Nanny city’s by-laws and mayor must get in tune
THE Nazis had rules for jazz; according to author and swing fanatic Josef Skvorecky, they were binding for all dance bands in the Third Reich and revealed, unsurprisingly, a frightening obsession with order.
“Negroid excesses in tempo (socalled hot jazz)”, for example, were prohibited, as were “hysterical rhythmic reverses characteristic of the music of the barbarian races and conducive to dark instincts alien to the German people (so-called riffs)”, and trumpeters were banned from using mutes to turn “the noble sound” of their instruments into “a Jewish-Freemasonic yowl”.
Unfortunately, as recent events have shown, Cape Town also has regulations when it comes to live music.
It must be said, though, that in no way can the enforcement of the Nanny City’s by- laws be compared to the actions of those whose duties included the safeguarding of “the Aryan sense of discipline and moderation” in culture. The metro cops who dealt with Lunga Goodman Nono for allegedly performing longer than his permit allowed cared little whether the blind busker’s lyrics were “Jewishly gloomy”; they smashed his guitar in front of his family and dragged him off anyway.
In the outcry that followed, the mayor, Patricia de Lille, called for a review of busking regulations. Street performers have been demanding something like this for years, but they shouldn’t get their hopes up. As De Lille ominously explained, “We need to ensure that we maintain the necessary balance between upholding law and order and the right to artistic and other forms of expression at all times.”
Her fussy administration, it must be said, doesn’t particularly like music and, perhaps as a result of unnatural urges to interfere with the non-cycling classes, has directly contributed to the disappearance of live music across the suburbs of the Peninsula.
Speak to any venue manager, any bar or restaurant owner who’s ever thought of hiring a few musicians to liven up the place, and they’ll tell you horror stories of the hated “entertainment licence” runaround.
Basically, this nonsense doesn’t exist – but you’ll need it anyway if you’re hiring musicians, and God help you should your fool customers get up and start dancing because you’re going to need a licence for that as well. For a “musical” city that prides itself on annually hosting one of the world’s premier jazz festivals, we’re not exactly on song when it comes to giving musicians a break, are we?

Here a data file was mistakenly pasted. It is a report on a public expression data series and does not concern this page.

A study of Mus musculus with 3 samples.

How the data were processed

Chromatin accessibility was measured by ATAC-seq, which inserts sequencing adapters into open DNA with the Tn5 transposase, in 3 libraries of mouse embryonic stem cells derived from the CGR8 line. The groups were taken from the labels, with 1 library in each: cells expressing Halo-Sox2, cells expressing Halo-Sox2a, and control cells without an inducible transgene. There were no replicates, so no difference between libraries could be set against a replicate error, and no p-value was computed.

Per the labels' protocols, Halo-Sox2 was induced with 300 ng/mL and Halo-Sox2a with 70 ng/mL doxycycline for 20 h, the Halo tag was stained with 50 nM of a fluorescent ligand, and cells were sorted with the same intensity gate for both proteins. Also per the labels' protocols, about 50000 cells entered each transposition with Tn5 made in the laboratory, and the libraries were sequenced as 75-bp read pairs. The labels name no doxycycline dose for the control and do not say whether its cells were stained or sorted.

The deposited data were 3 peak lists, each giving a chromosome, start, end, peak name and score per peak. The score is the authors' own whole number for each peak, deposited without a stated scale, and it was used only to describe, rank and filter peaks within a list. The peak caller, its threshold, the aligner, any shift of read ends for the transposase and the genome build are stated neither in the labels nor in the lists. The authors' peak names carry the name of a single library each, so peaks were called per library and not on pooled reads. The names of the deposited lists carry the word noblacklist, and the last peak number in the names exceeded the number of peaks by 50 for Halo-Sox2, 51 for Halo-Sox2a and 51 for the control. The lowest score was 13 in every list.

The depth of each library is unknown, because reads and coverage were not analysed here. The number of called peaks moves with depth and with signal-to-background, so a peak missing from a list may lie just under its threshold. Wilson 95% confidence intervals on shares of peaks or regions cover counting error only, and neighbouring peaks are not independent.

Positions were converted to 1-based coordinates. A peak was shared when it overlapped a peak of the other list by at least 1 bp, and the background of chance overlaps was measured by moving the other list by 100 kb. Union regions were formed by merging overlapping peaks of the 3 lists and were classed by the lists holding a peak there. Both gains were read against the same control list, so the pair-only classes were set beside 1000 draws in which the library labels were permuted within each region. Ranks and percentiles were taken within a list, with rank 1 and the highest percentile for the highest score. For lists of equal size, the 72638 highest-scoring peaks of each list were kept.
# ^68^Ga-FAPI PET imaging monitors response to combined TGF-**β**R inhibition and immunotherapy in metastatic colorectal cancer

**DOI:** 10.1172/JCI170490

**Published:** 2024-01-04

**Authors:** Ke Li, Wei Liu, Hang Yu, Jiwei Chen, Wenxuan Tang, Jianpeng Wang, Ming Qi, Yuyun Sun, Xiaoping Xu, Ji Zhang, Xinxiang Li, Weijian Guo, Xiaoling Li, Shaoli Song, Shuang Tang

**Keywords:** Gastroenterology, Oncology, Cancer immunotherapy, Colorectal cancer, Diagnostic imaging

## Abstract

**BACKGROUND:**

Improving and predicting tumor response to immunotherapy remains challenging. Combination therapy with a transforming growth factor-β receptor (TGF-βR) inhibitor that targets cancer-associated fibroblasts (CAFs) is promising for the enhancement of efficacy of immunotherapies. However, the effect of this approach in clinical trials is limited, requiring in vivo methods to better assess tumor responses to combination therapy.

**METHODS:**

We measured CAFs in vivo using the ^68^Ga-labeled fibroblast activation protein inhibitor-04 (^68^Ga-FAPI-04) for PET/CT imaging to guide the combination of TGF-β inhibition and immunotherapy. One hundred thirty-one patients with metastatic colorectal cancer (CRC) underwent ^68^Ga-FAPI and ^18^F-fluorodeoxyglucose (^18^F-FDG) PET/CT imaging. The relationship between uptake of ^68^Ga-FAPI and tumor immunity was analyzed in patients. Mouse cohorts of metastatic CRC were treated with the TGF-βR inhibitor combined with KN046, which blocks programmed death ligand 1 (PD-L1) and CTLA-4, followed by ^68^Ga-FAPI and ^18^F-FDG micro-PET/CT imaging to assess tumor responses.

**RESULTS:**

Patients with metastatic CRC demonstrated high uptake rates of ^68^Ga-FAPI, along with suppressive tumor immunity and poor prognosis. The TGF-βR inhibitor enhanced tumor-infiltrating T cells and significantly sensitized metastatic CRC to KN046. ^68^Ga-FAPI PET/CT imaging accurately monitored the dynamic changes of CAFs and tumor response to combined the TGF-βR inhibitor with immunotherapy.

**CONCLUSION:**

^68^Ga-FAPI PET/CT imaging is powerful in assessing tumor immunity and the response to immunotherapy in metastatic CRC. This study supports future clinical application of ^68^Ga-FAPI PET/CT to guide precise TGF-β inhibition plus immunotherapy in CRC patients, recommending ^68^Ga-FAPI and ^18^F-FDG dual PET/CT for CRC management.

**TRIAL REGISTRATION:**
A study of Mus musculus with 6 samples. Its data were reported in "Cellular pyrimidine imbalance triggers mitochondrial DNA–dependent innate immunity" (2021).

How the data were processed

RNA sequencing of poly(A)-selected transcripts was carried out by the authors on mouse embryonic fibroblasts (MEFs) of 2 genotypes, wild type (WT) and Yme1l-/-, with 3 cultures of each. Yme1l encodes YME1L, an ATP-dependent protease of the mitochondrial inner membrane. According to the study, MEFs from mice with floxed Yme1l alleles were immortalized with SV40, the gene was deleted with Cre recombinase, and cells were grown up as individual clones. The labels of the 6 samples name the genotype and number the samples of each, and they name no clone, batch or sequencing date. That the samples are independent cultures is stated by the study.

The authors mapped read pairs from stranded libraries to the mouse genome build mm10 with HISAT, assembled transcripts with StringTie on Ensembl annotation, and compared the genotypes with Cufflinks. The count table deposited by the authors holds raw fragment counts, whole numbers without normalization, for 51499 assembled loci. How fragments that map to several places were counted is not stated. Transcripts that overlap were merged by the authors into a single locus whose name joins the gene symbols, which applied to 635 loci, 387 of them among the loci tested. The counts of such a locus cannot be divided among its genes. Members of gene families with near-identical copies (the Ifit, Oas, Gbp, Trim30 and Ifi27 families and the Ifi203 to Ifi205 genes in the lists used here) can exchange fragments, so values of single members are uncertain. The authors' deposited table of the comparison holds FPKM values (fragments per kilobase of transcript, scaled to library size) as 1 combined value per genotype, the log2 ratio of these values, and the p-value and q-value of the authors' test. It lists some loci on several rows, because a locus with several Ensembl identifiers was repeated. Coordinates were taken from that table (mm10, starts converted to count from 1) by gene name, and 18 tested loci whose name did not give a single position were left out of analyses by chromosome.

But back to managing buskers. Should they audition for their permits, as they do in London? Perhaps not. These evaluations or qualitative processes, if I may, do have unfortunate non-democratic associations, are historically suspect, and smack of some sort of Western cultural imperialism.
Besides, who says you have to be a good musician? Most buskers are rubbish. When I lived in Johannesburg, for example, I noticed that the worst of them seemed to earn the best money; diners at the trendy pavement cafes in the northern suburbs would pay them handsomely just to keep quiet or move on to the next table.
What the city should do is set up designated areas where buskers can perform – nothing more elaborate, let’s say, than a circle painted on a street corner. Buskers can then be charged by the hour to perform in much the same way that the rest of us are charged for parking our cars.
In fact, get the same guys who issue parking tickets to hand out busking ones. They can get blood from two stones just as well as one, they’re good that way. If buskers do well, and are showered with money and recording contracts, then they won’t mind paying to stay. If not, then they can move on and find another spot, or better still, go home and bone up on the scales.
Meanwhile, three cops involved in the Nono incident have been suspended for three months. But there are those, like Cosatu provincial secretary Tony Ehrenreich, who feel that this is not enough, and that the mayoral committee member for safety and security, JP Smith, should resign as well.
Nice bit of opportunism, Tone, but it’s not Smith who should resign, it’s Mark Wiley. As chair of the province’s community safety standing committee, Wiley recently complained about my confusion regarding the pro- ganja stance of ace Mitchells Plain cop, General Jeremy “Rastaman” Vearey, and pointed out that, unlike the US and elsewhere, we’re rather lacking in the civil servants’ resignations department.
As a guitar player, I certainly don’t feel safe at the moment. I blame him for this. Let him fall on his sword.